Coronavirus (COVID-19) and travel: The situation around the world is changing dramatically. Various governments have changed their travel warnings to restrict travel during this time. To understand how this may impact cover under your policy, please go to our FAQs and select your country of residence.
For the latest travel warnings and alerts around the world, read about lockdowns and border restrictions.
Coronavirus (COVID-19) travel restrictions in Qatar – updated 23 July, 2020: From 1 August, travelers from low-risk countries are required to take a COVID-19 test on arrival and undergo home quarantine for 7 days, when they must take a second test, and quarantine will end if results are negative.
Arrivals from countries that aren't on the safe list must obtain a "virus-free certificate" from an accredited COVID-19 facility no more than 48 hours before departure, and quarantine upon arrival. Downloading Qatar's GPS and Bluetooth COVID-19 tracking app, EHTERAZ, is mandatory.
Despite its location in an often volatile area of the Middle East, it's generally a safe country with a low crime rate. This is due in part to a large police presence who aim to maintain security and prevent crime from happening.
However, there are a number of local laws travelers should be aware of, so you can avoid unknowingly doing something that is considered a crime in Qatar.
The country is populated mostly by wealthy individuals and foreigners on lucrative work contracts. There is also a large population of expatriate blue collar workers who are on short term contracts working on various construction projects across the country.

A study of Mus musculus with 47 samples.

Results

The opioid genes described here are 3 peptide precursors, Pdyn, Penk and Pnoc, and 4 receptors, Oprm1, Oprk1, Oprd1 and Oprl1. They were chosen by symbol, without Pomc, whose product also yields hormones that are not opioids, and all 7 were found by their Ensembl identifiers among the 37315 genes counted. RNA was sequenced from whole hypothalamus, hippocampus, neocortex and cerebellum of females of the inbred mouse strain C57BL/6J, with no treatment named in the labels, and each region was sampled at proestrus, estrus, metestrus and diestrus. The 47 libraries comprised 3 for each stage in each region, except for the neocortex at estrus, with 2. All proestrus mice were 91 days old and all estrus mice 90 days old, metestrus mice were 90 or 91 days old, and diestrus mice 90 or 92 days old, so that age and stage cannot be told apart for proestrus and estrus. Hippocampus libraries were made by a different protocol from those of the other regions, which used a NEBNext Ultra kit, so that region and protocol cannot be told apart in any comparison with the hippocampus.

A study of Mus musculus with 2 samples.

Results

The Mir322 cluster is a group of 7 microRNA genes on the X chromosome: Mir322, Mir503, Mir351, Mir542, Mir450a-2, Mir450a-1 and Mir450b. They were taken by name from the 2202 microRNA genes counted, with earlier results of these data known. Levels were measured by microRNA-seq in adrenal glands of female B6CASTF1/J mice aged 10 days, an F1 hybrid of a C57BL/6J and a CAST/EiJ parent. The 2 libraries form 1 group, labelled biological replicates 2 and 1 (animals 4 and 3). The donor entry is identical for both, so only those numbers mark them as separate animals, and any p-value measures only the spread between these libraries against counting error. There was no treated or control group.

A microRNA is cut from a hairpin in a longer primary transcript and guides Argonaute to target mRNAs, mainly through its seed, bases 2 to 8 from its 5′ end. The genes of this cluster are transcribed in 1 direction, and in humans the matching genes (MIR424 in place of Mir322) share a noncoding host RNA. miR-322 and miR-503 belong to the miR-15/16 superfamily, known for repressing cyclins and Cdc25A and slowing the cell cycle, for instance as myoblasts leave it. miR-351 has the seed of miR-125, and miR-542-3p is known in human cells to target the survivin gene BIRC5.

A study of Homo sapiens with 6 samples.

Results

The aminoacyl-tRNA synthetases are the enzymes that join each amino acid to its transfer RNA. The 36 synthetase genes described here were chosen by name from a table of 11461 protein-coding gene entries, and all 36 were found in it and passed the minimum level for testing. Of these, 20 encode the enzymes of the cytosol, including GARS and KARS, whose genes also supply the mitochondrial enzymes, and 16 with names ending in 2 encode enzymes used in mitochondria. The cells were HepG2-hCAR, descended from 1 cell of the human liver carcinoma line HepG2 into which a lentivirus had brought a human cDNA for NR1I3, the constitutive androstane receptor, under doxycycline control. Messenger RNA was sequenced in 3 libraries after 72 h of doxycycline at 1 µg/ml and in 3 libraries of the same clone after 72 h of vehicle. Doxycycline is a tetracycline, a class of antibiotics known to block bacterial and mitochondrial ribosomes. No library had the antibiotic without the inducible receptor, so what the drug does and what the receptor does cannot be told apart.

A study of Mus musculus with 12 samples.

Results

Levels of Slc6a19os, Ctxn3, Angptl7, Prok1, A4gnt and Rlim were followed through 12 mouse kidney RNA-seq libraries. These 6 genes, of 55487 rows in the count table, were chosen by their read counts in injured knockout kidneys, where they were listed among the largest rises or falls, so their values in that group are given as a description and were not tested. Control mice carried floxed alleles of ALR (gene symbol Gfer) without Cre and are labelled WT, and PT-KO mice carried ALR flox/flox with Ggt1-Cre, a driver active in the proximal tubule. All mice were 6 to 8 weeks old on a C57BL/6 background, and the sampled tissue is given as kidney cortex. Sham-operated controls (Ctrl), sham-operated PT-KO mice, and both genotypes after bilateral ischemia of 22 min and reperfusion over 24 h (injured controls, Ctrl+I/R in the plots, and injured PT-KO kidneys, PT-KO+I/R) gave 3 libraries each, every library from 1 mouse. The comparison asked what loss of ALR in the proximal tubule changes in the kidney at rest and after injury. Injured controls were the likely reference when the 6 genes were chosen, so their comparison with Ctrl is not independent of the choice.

Despite the cultural diversity, the country and its society is quite stable. The capital city of Doha does experience petty crime such as pickpocketing and theft, but keep your belongings safe and secure, and you should be fine.
ATM and credit card theft does happen, so always check to make sure there are no card scanners on the ATM you are using, and keep your cash and valuables out of sight to avoid losing your card.
Women traveling alone may receive the occasional stare, but in Doha this is nothing to worry about. Women should dress modestly, and avoid wearing tight clothing.
It is illegal to harass women in Qatar – this term encompasses everything from striking up a conversation to staring. Many women expats and travelers say they felt safe in Qatar, but the important rule is to respect local customs and dress modestly to avoid any unwanted attention.
Qatar is an Islamic country, and there are several actions considered illegal of which travelers would otherwise think nothing of. Offenses are governed by Qatari law, and penalties can be severe.